COMPUTER owners are again being warned to be wary of replying to on-line scams.In the last week the Dispatch and Herald have been made aware of yet another on-line scam e-mail which has been circulating the area, as well as a telephone scam - both of which are extremely convincing.
The e-mail purported to be from HM Revenue & Customs Service - HMRC.gov [email@example.com] - which advises the computer owner that, “following an upgrade of our computer systems and review of our records, we have investigated your payments and latest tax returns over the past years.”
It then advises the recipient has made an overpayment and asks them to fill in an on-line application form for a refund, giving the card-holder’s name, date of birth, mother’s maiden name, address and town as well as credit card information.
The bank’s name, debit/credit card number as well as expiration date and card verification number are all requested.
The second scam is equally as alarming and demonstrates the techniques used by those involved.
Householders have received a call from a ‘representative of BT’ who explains he has to disconnect the customer because of an unpaid bill. The caller then demands an immediate payment of £31, warning it would be £118 to re-connect at a later date.
He then gives his phone number - 0800 0800 152 - to demonstrate he is from BT.
He then asks the householder to hang up and try phoning someone, saying he would dis-connect the phone to prevent this.
The phone then goes dead - no engaged tone, nothing - until he phones again and explains payment should be made, there and then.
One house-holder refused to pay and, when the caller hung up, he dialled 1471 but the number was withheld.
He then phoned the fictitious 0800 number which was not recognised.
It appears the caller gave the wrong number and that the “cutting off” of the line is very simple; he stays on the line with the mute button on and you can’t dial out - but he can hear you trying.
This is because the person who initiates a call is the one to terminate it. When you stop trying he cuts off and immediately calls back.
And once he has your credit card details, and security number, it can be used for larger purchases.
When contacted about the latest on-line scam, a spokesperson for HM Revenue & Customs said: “HM Revenue & Customs only ever contact customers who are due a refund by post. “We never use emails, telephone calls or external companies in these circumstances.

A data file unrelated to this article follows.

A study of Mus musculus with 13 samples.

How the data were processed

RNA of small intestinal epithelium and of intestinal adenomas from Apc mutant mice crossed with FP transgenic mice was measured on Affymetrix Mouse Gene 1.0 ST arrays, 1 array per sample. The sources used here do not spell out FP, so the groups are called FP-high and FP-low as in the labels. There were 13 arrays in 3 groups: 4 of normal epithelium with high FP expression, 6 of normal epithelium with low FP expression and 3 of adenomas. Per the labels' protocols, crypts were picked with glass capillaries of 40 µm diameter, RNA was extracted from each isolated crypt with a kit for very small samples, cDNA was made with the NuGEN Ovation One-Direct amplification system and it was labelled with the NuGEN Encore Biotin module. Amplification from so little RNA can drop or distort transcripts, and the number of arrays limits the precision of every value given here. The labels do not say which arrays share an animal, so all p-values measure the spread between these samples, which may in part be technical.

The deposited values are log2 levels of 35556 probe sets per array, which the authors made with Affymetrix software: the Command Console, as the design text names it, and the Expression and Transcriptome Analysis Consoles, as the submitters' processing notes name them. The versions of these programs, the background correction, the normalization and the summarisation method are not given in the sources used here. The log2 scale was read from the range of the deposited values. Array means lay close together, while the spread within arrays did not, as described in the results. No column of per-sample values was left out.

“I would strongly encourage anyone receiving such an e-mail to immediately send it to us for investigation and delete it from their computer. Send to “firstname.lastname@example.org””
He also highlighted an important link for computer users to check out giving details on past tax rebate email scam addresses - some 28 in all - including email@example.com, firstname.lastname@example.org, email@example.com, Tax.firstname.lastname@example.org, email@example.com and firstname.lastname@example.org
A spokesperson for BT added: “BT is aware of a number of instances where people have reported a similar experience.
“Whilst BT does have debt handling procedures which may involve calling customers, BT never carries out dis-connections during the call by way of proof.
“We advise customers never to give out any banking details over the phone unless they are absolutely certain who they are dealing with.
“If there is any doubt at all, a BT employee will be able to give the customer their employee ID number and an 0800 number to call, where the customer can check that they are who they say they are.
“The customer can also check the identity of a BT person by calling 0800 800 150. If you`re in any doubt whatsoever, play safe and double check.”
Angus Council has also issued advice to those targeted by scammers.
A spokesperson for Angus Council said: “Where people are ‘phoned or emailed asking for personal information such as their date of birth, or their bank account details, the advice is always that people should be very vigilant and should not give out personal or bank details, as this could lead to their bank accounts being illegally accessed.
“If anyone wishes advice about such calls or emails, they should contact Angus Council trading officers on 01241 435600.”